Application development is starting to look like an attractive place to be. Always the backroom boys of the brilliant displays that business users view on their screens, application developers are coming up as the number one information technology skill in 2012.
“Application development is not as risky as once it was, but good development skills are hard to find,” says Neal Donnan, application development executive of information solutions specialist EnterpriseWorx.
“The build versus buy debate has been raging for a long time,” he says. “Simple business software for functions such as accounting, inventory and human resources systems have been proven over a number of years. The software is stable and pretty much standard, so it makes sense to buy rather than build.“
On the other hand, it is appropriate to build custom applications in areas where no commercial applications are available or where you need to differentiate your business from the competition. This is often the case in the banking, insurance and healthcare sectors, where proprietary products and services have their own complex formulae and algorithms.”
According to the 2011 JCSE-ITWeb Skills Survey, for the third consecutive year, application development is the top priority for local companies across a range of industry sectors.“
Application development is not as risky and time-consuming as it was 20 years ago, where every line of code had to be developed from scratch,” says Donnan. “There are a variety of frameworks available that developers can download with free code and libraries. Using open source makes development a lot quicker. It removes a lot of the work since the amount of code to be written is limited. These frameworks allow developers to easily create core web services and other applications.”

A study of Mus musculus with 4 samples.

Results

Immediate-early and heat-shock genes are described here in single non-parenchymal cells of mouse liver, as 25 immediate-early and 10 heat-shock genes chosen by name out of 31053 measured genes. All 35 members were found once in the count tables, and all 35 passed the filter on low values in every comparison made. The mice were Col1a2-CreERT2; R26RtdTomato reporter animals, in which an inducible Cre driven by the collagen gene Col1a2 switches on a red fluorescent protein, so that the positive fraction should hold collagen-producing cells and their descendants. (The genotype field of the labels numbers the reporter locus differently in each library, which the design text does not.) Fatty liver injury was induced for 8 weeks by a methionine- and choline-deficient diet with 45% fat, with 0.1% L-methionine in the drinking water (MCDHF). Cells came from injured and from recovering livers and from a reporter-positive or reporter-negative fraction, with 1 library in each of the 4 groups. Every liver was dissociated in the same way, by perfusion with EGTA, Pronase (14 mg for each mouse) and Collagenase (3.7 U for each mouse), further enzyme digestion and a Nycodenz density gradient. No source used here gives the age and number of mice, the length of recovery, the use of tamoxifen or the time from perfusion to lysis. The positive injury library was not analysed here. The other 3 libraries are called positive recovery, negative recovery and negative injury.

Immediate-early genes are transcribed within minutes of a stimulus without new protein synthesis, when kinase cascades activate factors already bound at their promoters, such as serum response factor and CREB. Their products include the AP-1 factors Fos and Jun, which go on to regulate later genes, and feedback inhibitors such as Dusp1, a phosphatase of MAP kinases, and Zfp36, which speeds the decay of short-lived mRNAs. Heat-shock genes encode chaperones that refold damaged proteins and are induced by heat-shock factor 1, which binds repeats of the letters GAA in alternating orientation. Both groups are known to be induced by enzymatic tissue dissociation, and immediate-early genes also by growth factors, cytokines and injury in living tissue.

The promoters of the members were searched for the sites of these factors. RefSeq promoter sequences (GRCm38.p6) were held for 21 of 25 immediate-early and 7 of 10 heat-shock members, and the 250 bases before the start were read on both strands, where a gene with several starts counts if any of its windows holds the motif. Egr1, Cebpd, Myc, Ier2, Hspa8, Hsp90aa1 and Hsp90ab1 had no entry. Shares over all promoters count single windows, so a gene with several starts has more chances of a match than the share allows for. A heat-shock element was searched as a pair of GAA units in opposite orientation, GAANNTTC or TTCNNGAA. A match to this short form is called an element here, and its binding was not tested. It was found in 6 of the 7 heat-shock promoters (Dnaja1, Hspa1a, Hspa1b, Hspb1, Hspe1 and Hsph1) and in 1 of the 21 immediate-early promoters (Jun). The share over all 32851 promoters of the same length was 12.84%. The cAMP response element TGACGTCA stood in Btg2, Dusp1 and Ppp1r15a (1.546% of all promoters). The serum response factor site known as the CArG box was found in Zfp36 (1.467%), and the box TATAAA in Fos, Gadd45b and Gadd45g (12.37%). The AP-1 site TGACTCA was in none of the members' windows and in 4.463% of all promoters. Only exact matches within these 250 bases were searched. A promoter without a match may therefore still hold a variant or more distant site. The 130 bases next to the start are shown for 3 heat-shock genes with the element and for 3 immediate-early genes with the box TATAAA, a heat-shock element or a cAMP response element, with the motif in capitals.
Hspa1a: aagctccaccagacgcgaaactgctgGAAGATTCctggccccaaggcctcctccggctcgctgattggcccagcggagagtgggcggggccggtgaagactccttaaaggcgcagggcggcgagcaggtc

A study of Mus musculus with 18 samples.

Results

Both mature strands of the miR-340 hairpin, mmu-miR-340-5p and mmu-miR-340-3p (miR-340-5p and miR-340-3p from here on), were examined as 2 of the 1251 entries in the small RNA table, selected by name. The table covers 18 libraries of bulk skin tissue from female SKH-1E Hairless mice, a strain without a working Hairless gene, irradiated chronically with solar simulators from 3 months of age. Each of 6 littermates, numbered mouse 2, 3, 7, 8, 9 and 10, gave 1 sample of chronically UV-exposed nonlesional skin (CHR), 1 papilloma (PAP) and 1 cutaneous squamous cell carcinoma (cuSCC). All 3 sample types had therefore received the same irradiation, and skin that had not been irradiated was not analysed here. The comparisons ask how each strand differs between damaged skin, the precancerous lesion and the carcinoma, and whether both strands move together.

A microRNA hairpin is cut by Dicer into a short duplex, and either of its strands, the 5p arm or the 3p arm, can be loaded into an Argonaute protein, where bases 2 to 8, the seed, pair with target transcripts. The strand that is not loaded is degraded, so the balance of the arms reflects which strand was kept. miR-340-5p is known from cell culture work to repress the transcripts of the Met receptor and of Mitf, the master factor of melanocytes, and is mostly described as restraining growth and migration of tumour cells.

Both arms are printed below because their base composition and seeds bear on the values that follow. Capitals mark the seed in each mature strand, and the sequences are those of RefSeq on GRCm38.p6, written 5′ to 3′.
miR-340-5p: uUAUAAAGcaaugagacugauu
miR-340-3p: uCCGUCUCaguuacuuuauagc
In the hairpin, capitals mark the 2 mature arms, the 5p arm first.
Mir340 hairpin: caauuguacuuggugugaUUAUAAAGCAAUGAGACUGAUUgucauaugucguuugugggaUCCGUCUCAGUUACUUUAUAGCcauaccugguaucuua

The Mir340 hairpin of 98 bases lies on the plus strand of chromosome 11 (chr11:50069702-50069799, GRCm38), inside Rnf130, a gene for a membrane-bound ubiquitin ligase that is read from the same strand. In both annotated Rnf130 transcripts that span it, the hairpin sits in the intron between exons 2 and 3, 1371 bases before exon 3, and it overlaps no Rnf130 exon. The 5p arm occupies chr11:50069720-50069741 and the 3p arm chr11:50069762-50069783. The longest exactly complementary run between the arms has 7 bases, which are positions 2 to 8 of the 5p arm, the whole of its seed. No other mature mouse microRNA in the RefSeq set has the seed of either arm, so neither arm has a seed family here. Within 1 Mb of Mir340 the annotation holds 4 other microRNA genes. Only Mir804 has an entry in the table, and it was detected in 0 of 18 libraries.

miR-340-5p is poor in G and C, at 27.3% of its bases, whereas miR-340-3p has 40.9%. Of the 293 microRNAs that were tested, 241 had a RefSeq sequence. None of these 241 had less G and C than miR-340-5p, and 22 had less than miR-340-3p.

Companies are tending to buy a range of best-of-breed software, develop small subsets if needed and then integrate the whole. “The trend is to combine different applications to form an overall platform,” says Donnan. “Many off-the-shelf-products allow for writing new modules and adding them in. Microsoft, for example, has a platform that allows developers to write code and deploy applications in the cloud. Open source options also offer platforms for integration into products like SAP and Salesforce.”
IT professionals able to integrate the cloud into application development are a critical, and scarce, resource. According to IBM’s 2011 Tech Trends Report, developing new applications will be the top cloud adoption activity in the next 24 months.
According to Donnan, there are very few developers who have more than a decade of experience of enterprise systems and also understand the web services standards, technologies, platforms and application programming interfaces (APIs) required to run applications in the cloud. One example of technology growth is evident in the fact that the number of APIs that connect functionality from one website to another has increased 5 000-fold since 2005.
“University curricula are a few years behind industry trends, and there are no textbook templates for dealing with a myriad of new technologies,” says Donnan. “We conduct a lot of training in-house, because the technology is new and developing so quickly. This is supported by self-study and research on the Internet.”
Cloud computing offers a multitude of options, each with different integration solutions and security requirements. Traditional data integration doesn’t necessarily meet the needs. There are also concerns about a possible chasm between on-premises and cloud applications due to barriers to integration. These are frequently multifaceted projects with a myriad of security issues.
“Organisations require an application development and integration strategy as IT processes become more complex,” says Donnan. “Service-oriented analysis and design (SOAD) demands skilled resources that can identify services and design them properly so that they are reusable. This ensures that the technologies being implemented within a business are aligned to its overall long-term strategy.”